It was an interesting interview. Ehrman talked about how he used to be a "born again" Christian who believed that the Bible was the exact and unchangeable Word of God, until he studied theology. He then realised that there were thousands of manuscripts, each different, which have been utilised in the formation of the sort of book we would find in a hotel room.
Jon Stewart then made an astute point (and one that reflects my own view) -- that the knowledge that the Bible has developed over time; and reflects the experiences and biases of both the original writers and the countless subsequent scribes; only serves to bring the Bible to life and make it more, not less Godly. He said that he had not previously been interested in the Bible, but that reading Ehrman's book has made it seem more exciting.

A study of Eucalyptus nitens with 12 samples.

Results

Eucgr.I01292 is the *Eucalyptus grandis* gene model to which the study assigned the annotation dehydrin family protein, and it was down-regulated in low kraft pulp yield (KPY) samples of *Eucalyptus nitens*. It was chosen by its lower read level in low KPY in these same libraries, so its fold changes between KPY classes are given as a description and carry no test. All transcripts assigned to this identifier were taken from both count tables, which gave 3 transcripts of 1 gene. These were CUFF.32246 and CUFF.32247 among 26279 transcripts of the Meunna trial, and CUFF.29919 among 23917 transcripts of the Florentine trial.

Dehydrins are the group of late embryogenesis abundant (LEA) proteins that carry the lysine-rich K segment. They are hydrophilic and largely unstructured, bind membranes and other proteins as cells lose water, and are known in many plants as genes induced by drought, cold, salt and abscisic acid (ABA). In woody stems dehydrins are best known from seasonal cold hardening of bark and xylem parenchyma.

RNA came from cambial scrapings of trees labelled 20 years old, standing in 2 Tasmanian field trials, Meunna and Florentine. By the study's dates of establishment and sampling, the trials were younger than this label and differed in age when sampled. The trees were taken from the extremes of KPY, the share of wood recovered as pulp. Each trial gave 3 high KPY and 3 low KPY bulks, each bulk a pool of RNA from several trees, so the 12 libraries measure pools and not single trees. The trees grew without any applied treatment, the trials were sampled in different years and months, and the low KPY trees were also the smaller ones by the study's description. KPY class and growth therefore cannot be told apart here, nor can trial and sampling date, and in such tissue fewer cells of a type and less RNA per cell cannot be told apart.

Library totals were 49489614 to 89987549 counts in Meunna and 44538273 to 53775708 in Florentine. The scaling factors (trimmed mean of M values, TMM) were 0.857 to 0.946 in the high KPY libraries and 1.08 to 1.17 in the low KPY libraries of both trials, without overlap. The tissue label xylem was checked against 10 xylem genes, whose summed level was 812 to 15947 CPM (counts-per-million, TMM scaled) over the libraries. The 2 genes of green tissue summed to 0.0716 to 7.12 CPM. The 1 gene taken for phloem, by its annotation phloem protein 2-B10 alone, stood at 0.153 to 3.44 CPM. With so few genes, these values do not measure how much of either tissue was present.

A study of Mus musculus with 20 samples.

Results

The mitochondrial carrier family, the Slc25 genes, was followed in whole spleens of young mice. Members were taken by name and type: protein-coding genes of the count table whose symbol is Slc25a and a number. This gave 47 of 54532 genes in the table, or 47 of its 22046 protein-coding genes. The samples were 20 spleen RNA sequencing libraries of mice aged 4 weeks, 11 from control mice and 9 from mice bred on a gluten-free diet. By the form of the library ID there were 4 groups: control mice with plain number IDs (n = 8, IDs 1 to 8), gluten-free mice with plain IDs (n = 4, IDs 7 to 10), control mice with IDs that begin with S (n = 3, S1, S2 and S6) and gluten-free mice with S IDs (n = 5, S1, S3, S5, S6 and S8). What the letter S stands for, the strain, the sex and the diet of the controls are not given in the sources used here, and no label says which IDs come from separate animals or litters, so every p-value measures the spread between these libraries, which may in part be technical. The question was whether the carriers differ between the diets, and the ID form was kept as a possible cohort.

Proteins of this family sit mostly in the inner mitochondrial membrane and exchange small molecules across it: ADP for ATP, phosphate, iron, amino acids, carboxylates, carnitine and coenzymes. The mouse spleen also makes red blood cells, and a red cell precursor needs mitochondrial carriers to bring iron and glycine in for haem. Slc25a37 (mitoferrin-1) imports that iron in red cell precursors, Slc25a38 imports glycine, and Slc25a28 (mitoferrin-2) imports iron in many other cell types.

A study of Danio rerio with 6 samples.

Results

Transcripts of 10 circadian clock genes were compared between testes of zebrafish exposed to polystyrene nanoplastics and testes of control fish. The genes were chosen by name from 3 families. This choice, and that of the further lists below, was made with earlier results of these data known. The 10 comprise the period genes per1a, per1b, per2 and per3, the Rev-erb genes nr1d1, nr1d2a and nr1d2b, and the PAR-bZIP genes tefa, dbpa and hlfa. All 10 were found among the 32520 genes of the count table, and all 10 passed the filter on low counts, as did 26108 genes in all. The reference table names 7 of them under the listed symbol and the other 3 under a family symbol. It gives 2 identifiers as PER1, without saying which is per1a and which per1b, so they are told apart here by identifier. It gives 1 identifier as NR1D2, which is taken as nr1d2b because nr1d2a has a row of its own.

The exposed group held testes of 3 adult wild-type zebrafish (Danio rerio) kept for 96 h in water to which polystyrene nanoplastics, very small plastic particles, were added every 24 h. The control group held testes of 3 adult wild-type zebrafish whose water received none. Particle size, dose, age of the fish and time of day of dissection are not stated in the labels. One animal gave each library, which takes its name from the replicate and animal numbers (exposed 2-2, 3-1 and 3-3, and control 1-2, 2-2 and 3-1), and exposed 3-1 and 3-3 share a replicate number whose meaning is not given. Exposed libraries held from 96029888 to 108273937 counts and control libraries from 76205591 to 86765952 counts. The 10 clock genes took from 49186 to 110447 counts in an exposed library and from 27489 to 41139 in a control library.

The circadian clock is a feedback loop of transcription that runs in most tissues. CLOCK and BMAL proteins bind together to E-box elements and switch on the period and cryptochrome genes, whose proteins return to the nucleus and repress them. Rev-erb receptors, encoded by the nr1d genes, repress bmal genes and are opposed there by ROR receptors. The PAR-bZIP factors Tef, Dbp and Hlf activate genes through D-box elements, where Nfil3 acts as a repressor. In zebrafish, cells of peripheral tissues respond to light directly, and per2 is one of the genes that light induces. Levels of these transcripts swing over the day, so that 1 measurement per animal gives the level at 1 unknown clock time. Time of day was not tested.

I've never met Bart Ehrman myself, but I think that he came across very well on the programme. I must admit that the interview has made me want to read his book.
I'm just on the penultimate chapter of a book that one of Mark's friends wrote, called The Gospel Hoax. Apparently, there was a chap called Morton Smith who, in the late 1950s, made up a gospel (known to theologians as Secret Mark). Stephen Carlson, the said friend, is a patent attorney who used his skills to show how the gospel was actually an elaborate hoax. The last chapter is called "The Anatomy of an Academic Hoax". I haven't got there yet, but I'm hoping that it's going to be an Agatha Christie style telling us how he did it. If you like a good hoax story, this book is a good read.
Once I've finished this book, I might start on Ehrman's. I get the impression that it's aimed at a level where even non-theologians can understand it.